The 200-mile Bartram Canoe Trail in Alabama lets you glide down mellow, sinuous waterways into the 260,000-acre Mobile-Tensaw Delta, the nation's second largest. The trail has many access points along Hwy 59 between Tensaw and Stockton, Alabama, making it easy to tailor a trip to your schedule whether you’re looking for an afternoon jaunt or a multi-day journey. Daytime temperatures in the area rarely top ninety degrees or fall below sixty, no matter the season. As such, the delta offers year-round paddling opportunities. It’s also an incubator for birds; 110 species nest there and the area is home to 300 species overall.

Common trees in the delta are swamp tupelos and bald cypress. Raccoons and squirrels nest in the hollowed limbs and trunks of the tupelos, and bees feed on their flowers. The tupelo's leaves are lustrous, looking a little like holly, and turn brilliant red and purple in the fall. The cypress trees have 'knees' growing out of their roots. Some believe that the knees, which look like rows of knobby isosceles triangles, help the roots breathe. Whatever their function, the bald cypresses are a species that makes poets wax, well, poetic. Longfellow saw bald cypresses as "towering and tenebrous boughs" that "waved like banners that hang on the walls of ancient cathedrals," whereas John Muir wrote of "the dark, mysterious cypress woods which cover everything."

When it comes to covering everything, Spanish moss also does its part, making a celadon haze in the swamp. The birds are blurs and splashes of color against that green. The painted bunting competes, color-wise, with any macaw, with its purple head, orange chest, red belly, and chartreuse wings. The tricolored heron goes the subtle route, with a mauve chest, heather silver neck, and golden beak. The red-headed woodpeckers deliver both color and rhythm, but the best of the birds might be the swallow-tailed kite, which some consider the coolest bird on the planet. It's the Lamborghini of birds, both in appearance and performance. They're so efficient they rarely flap and so fast they chase and eat dragonflies, speedsters themselves that can dart up to 60 mph. The swallow-tailed kite is easy to spot, with its white body and wings trimmed in black and its deeply forked tail, which provides such supreme control that this predator can pluck snakes off tree limbs in flight.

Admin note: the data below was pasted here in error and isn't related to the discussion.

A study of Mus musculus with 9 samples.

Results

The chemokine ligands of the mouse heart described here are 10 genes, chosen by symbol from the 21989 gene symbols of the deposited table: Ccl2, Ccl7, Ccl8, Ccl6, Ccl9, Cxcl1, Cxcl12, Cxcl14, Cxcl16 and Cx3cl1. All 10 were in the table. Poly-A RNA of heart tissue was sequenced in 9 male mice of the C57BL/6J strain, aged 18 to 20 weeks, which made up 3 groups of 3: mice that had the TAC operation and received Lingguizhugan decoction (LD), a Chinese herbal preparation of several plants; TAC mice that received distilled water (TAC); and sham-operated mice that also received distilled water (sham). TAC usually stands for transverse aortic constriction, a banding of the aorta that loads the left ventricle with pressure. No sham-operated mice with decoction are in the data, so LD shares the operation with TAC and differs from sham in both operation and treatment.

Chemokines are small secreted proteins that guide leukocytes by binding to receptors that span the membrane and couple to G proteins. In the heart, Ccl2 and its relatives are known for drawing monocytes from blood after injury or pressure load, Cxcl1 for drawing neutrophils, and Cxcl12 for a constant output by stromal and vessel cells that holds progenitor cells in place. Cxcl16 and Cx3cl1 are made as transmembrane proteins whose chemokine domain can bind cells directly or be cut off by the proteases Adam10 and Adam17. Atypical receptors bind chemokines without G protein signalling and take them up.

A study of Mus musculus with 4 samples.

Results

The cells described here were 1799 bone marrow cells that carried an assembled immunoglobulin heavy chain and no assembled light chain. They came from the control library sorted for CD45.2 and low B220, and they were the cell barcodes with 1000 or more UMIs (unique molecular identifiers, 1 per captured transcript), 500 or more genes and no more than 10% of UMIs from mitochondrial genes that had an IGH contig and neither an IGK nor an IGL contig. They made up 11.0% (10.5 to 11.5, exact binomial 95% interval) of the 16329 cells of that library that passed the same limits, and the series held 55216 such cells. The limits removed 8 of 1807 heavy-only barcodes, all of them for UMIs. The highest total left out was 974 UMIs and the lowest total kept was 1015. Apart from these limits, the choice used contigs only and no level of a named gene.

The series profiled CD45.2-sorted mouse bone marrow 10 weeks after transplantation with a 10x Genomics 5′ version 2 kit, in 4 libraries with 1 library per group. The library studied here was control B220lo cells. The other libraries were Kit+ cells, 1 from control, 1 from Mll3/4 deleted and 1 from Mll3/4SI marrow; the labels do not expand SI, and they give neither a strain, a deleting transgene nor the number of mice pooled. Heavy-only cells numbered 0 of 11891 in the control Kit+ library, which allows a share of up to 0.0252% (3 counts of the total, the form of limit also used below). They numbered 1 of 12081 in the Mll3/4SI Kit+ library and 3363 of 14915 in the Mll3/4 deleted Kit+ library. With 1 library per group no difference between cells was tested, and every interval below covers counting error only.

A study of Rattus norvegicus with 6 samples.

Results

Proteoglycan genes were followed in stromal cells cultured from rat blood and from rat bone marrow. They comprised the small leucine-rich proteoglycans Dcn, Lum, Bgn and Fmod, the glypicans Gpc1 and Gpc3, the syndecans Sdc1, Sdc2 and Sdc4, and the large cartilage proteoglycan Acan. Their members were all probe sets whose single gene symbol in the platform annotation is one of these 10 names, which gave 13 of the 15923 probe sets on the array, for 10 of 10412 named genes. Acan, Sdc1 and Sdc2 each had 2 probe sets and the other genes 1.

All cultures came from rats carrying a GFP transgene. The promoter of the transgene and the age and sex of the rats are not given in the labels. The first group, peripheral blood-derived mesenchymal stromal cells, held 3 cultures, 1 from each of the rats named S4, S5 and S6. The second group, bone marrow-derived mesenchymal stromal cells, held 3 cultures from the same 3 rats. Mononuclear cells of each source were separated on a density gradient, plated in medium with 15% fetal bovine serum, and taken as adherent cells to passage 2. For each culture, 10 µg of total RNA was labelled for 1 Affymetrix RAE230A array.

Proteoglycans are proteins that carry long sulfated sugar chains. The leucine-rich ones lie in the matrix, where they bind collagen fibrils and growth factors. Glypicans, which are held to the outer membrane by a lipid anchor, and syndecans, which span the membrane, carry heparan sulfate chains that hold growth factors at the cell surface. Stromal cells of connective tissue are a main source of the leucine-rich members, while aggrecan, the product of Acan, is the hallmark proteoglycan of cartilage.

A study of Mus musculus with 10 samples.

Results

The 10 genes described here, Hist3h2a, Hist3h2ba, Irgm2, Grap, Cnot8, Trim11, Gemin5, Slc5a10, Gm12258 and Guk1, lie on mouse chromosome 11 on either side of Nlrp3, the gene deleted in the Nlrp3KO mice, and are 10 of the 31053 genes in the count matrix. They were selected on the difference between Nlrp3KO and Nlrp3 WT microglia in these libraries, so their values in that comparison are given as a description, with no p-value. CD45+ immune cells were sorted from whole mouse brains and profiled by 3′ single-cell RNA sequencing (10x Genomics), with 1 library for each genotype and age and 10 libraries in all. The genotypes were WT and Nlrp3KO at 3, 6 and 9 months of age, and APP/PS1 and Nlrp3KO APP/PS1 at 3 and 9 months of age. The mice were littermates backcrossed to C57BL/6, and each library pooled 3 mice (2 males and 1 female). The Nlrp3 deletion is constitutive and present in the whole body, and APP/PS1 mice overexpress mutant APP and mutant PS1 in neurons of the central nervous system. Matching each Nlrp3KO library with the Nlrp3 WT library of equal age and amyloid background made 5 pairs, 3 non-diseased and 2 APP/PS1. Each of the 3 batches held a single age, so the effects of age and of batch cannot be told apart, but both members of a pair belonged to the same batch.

It'll be tempting to keep looking up at the canopy, but look down too. Alligators sun themselves on the banks and slip into the water to dine on fish. Human anglers will fare well too. There are numerous tail-walking bass, while even tastier bream and crappie abound. For pure sport, bowfish are abundant. Hook one and their dogged fight will have you wondering if that's where they earned their alternate name: dogfish.

The Bartram Canoe Trail was named after the naturalist, William Bartram, who in 1773 at the age of 34, took a four-year hike and paddle across the American South. He wrote a book about this trip with a title longer than two tweets: Travels through North & South Carolina, East & West Florida, the Cherokee Country, the Extensive Territories of the Muscogulges, or Creek Confederacy, and the Country of the Chactaws, Containing an Account of the Soil and Natural Productions of Those Regions, Together with Observations on the Manners of the Indians. Surprisingly, the book with the longwinded title was a bestseller in Europe, as the Old World was thirsty for tales of America's backwaters.

Ahaya the Cowkeeper, a Seminole chief, gave Bertram the nickname, Puc Puggy, or the flower hunter. His paddling wasn't entirely peaceful. A wolf stole his lunch, and one point and he met a warrior intent on killing the next white man he encountered until he was overcome by Bertram's good humor.

Later, he saw two alligators duke it out beside his boat. Bartram wrote, "They suddenly dart upon each other. The boiling surface of the lake marks their rapid course, and a terrific conflict commences. They now sink to the bottom folded together in horrid wreaths."

Your paddle on the Bartram Canoe Trail won't be as challenging as it was in Bartram’s day. There are two land-based campsites, which require no reservation, and four covered, floating platforms, which do require reservations. They rent for $20 a night and hold up to eight paddlers. You can reserve a platform at outdooralabama.com. One big benefits of the floating platforms is the promise of deep sleep, as they'll put you above and away from the 46 mammals, 69 reptiles, and 30 amphibians that inhabit the swamp.

A fine map can be downloaded at americantrails.org, which suggests day and overnight trips and marks campsites, landings, and must-see sights, such as Indian mounds. One of the niftiest qualities of the Bartram Trail is the range of water you'll enjoy, from rivers to streams to lakes to sloughs to bayous, depending upon your path. For northern paddlers who'd rather skip the long, busy drive to the Everglades, the Bartram Trail offers temperate paddling through most of the winter, with the average highs in November, December, and February in the low-to-high sixties. Even January reaches nearly sixty degrees, with average highs of 59, which makes for fine, bug-free paddling. Fall is another fine time to go, as the bald cypresses match the fire of the swamp tupelos.

Go paddle the trail and you'll understand why Bartram wrote: "What a sylvan scene is here."